If the Russian with subtitles doesn't throw you off just a bit, the cinematic style and storyline may. If you can get through both, you're in for an interesting ride.
"Day Watch" opened in several of the former Eastern Bloc countries on New Years Day 2006, and is finally making its way around to our side of the world. We learn of an age old battle between the Lord of Light and King of Darkness, but where a truce has been struck 1,000 years ago. This delicate balance is now guarded by the Day Watch and Night Watch, respectively.
Yes, it's a hokey beginning, and I had to set aside my views on any film that feels the need to explain itself before launching into a presentation that runs more than two hours in length. In the 1,000 years before, the two forces sought a piece of chalk (yup, the sidewalk-looking Crayola variety) whose very possession can unlock your wants and desires, or some such thing. Again, set aside the quirks of the humble beginnings.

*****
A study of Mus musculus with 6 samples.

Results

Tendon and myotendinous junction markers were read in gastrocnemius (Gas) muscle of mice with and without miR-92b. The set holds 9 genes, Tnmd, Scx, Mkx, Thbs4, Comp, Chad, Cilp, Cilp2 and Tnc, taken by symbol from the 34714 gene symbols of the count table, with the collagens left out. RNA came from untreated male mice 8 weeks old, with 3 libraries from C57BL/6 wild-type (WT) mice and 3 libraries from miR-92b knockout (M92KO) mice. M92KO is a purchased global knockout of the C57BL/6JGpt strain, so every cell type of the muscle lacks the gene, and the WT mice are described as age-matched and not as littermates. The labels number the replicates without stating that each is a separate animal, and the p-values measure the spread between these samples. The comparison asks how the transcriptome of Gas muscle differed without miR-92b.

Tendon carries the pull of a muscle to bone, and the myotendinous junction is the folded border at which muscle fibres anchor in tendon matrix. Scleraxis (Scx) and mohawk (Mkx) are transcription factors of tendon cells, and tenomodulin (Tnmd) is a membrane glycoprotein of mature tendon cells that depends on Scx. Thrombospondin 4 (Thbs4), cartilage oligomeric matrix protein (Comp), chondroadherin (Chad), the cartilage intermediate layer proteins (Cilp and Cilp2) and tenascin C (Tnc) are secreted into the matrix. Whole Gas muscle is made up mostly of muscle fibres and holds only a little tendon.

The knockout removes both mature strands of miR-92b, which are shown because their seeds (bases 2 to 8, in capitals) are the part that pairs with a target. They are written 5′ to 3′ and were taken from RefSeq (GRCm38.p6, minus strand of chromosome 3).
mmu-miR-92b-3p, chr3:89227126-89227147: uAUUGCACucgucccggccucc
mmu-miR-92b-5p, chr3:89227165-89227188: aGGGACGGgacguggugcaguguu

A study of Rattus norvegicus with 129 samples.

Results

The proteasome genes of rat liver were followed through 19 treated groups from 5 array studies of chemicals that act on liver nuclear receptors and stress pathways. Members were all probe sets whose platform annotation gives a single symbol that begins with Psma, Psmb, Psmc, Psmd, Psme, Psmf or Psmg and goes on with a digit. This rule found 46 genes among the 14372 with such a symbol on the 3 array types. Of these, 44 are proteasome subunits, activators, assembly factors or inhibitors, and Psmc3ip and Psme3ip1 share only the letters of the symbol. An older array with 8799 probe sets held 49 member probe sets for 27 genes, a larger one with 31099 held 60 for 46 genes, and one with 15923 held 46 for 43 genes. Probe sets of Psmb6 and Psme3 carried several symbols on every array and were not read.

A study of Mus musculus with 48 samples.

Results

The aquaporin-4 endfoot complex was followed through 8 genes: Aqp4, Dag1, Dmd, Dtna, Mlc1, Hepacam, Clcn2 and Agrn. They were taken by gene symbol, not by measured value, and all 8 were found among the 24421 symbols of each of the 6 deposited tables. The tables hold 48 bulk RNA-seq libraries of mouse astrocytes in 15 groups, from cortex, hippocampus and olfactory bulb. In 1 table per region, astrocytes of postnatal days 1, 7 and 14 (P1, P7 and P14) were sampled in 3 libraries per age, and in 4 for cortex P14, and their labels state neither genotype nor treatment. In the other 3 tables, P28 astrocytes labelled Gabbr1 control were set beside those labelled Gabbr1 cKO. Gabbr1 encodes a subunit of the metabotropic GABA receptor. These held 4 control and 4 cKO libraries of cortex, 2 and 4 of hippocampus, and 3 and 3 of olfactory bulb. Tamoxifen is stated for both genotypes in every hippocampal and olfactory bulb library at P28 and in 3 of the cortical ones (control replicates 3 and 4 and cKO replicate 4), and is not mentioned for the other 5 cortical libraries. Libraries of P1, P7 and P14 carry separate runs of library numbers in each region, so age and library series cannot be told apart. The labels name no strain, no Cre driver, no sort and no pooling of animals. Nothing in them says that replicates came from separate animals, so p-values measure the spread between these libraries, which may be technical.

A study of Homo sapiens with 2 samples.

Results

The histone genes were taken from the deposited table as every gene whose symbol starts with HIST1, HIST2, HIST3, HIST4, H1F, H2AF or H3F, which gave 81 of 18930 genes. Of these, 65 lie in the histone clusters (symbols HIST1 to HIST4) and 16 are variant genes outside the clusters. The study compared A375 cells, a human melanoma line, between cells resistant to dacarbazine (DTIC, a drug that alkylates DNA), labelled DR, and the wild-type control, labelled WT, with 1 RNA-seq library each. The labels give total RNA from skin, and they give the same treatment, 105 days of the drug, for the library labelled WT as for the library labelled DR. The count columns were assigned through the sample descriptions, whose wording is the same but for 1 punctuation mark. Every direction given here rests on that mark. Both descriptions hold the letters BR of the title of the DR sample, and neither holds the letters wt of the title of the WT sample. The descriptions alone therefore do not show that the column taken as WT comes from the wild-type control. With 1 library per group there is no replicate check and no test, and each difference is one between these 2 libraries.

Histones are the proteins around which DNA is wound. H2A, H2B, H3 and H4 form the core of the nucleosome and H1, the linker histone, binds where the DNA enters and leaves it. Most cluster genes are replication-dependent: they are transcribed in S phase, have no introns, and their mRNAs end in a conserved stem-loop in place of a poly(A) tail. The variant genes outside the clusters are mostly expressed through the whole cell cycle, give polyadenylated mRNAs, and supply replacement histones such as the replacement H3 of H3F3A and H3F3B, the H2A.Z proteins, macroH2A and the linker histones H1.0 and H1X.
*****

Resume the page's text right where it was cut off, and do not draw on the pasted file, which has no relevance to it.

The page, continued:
Fast forward to modern day (or close enough), in Moscow. A Day Watch patrol roams the streets, seeking out victims of the Night Watch crew, harming mortals and the like. Trainee Sventa chases one would-be killer into the Level Two Gloom, swatting away at mosquitoes and nearly being absorbed.
It goes on like this. We meet Anton, who really just wants things to be a bit better, and if he could find his son and save him from the clutches of the Darkness, that'd be good for him, too. Bad luck for Anton, he's framed for the murders of several of the Dark's soldiers, and by the terms of the truce a millennium before, the Day Watch is supposed to surrender him to the Dark forces, but the Day Watch isn't keen. This opens the door for a bit of chasing, treachery and action sequences.
The presentation is very impressive, particularly as I don't tend to think of Russia has a mini-Hollywood, as countries go. Fight sequences and battles are reminiscent of "Crouching Tiger, Hidden Dragon" minus the kimonos. "Day Watch" isn't too heavy-handed with the vampire stuff, so you don't need to be into that scene to enjoy everything the producers managed to pack into this story, and in retrospect, relatively brief two hour film.
A hard one to find, I found -- it came and is now leaving after just a week (likely due to myself and one other guy in the 200+ seat theatre) -- but a gem worth seeking out if it happens to cross a marquee near you.